Manchester United is experiencing a testing period at present, with results slipping on the pitch and recent financial figures showing a worrying drop in profits. Somehow – and surprisingly – this has not deterred brands from buying into United’s global appeal with income from sponsorship is up 49% in the latest fiscal year.
The club’s playing issues are numerous, including a disappointing seventh place finish last season, the sacking of David Moyes and the frustration of missing out on Champions League football for the first time in two decades. These have been compounded by the introduction of a new manager and £150m worth of premium international talent that has had little effect on the team’s results. It was hoped the new recruits would return the Red Devils back to the pinnacle of English football, yet Premiership newbie, Leicester, were the most recent team to take all three points from Louis Van Gaal and his ‘Gaalacticos’.
Elsewhere off-pitch the story does not make for happy reading, with the club’s revenue expected to fall from £430m to £385m by June 2015 in the absence of Champions League football. Additionally net profit is down a staggering 83% to £24m, although, to a degree, this can be attributed to comparisons with the previous financial year where United received a substantial tax credit.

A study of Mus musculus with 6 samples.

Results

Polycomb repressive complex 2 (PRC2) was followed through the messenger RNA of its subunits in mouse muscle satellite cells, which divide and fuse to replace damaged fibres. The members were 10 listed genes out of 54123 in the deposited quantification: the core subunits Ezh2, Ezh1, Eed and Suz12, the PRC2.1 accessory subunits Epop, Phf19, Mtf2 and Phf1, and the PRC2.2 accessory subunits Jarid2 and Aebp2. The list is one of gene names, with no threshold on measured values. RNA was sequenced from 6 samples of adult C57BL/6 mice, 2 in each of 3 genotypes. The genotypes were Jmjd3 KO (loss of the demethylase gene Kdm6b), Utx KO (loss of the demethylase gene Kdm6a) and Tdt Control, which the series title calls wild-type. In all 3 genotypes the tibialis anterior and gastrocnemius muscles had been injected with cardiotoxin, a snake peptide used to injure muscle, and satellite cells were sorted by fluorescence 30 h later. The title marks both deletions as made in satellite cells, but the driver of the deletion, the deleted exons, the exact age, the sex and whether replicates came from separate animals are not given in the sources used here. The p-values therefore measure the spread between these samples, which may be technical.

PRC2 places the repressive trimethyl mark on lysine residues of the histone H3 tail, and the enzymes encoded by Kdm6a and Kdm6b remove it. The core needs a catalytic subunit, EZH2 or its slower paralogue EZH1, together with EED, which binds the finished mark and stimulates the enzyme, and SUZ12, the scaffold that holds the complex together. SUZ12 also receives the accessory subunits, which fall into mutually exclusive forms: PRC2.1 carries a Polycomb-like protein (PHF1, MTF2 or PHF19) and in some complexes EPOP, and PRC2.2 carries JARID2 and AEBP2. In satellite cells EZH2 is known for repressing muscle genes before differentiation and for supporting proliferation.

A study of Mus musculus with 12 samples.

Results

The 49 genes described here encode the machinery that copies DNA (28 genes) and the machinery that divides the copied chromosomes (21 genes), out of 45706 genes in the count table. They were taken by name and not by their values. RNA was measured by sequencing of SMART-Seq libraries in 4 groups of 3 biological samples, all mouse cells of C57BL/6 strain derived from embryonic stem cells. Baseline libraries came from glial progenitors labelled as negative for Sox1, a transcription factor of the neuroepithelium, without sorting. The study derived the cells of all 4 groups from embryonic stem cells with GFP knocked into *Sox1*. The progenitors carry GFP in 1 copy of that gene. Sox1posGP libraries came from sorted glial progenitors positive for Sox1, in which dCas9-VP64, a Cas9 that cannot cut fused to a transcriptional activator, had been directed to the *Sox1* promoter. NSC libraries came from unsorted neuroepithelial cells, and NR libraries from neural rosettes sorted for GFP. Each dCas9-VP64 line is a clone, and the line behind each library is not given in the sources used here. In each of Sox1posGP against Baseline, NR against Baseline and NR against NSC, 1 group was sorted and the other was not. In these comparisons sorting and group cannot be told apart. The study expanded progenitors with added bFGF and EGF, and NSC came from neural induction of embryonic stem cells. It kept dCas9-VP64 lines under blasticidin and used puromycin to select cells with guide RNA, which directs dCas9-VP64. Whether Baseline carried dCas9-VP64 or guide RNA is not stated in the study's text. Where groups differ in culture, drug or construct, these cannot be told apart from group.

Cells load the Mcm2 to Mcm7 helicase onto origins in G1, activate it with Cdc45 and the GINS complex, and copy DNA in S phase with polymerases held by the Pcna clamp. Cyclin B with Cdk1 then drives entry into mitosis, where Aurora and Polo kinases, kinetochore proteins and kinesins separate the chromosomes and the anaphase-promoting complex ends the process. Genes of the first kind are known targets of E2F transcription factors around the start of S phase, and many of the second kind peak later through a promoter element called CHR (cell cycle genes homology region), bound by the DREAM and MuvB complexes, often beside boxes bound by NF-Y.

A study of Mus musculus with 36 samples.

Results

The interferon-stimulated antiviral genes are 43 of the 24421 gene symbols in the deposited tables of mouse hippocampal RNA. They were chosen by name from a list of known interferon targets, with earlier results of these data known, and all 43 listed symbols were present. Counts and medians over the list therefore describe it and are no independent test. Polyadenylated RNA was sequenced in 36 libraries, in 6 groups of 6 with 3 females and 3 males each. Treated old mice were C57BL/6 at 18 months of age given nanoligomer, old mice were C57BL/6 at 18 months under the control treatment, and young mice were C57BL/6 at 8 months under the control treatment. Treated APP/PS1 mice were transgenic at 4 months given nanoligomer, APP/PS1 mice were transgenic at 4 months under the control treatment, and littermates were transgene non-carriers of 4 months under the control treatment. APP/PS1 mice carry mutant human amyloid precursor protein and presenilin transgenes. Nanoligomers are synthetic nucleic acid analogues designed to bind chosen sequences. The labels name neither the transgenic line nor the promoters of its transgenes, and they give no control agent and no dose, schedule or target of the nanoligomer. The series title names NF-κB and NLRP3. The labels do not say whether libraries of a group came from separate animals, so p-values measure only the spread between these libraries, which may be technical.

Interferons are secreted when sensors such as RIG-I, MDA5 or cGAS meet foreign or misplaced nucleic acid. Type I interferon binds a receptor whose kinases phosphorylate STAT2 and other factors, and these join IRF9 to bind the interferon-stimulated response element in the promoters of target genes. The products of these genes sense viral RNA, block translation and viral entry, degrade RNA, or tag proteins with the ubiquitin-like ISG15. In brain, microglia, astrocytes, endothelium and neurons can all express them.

It is therefore testament to the power of the Manchester United brand that, despite the negativity surrounding the club, it continues to attract a multitude of sponsors, generating significant commercial income through sport sponsorship activation. In total, 20 new partnerships were signed in the 12 months to June, including the astoundingly lucrative £50m-a-season shirt deal with Chevrolet and record breaking £75m-a-year kit deal with Adidas which kicks off in 2015, an impressive sport public relations coup.
Partnerships with Saudi telecom, STC, PepsiCo in the Middle East and deals with Aon and Nike in the US, have been joined by United’s recently-announced, five-year extension with financial institution, Maybank. Operating within Malaysia, Singapore and the Philippines, Maybank increases the Old Trafford club’s presence in markets where it commands a fanatic level of popularity, estimated as 22 million fans.
Overall, United’s sponsorship income has jumped £45m to £136m this year. As a percentage of total revenue, sponsorship also grew from 21% to 31%. Years of success for the red half of Manchester have created a brand powerful enough to maintain its reputation even when results on the pitch start to slide. From a sports public relations perspective these new sponsorship figures show that United remains one of the most famous, trusted and attractive brands across global sport. Other teams may continue to take points from Louis Van Gaal’s men but they will have to do a lot more to dent Manchester United’s appeal.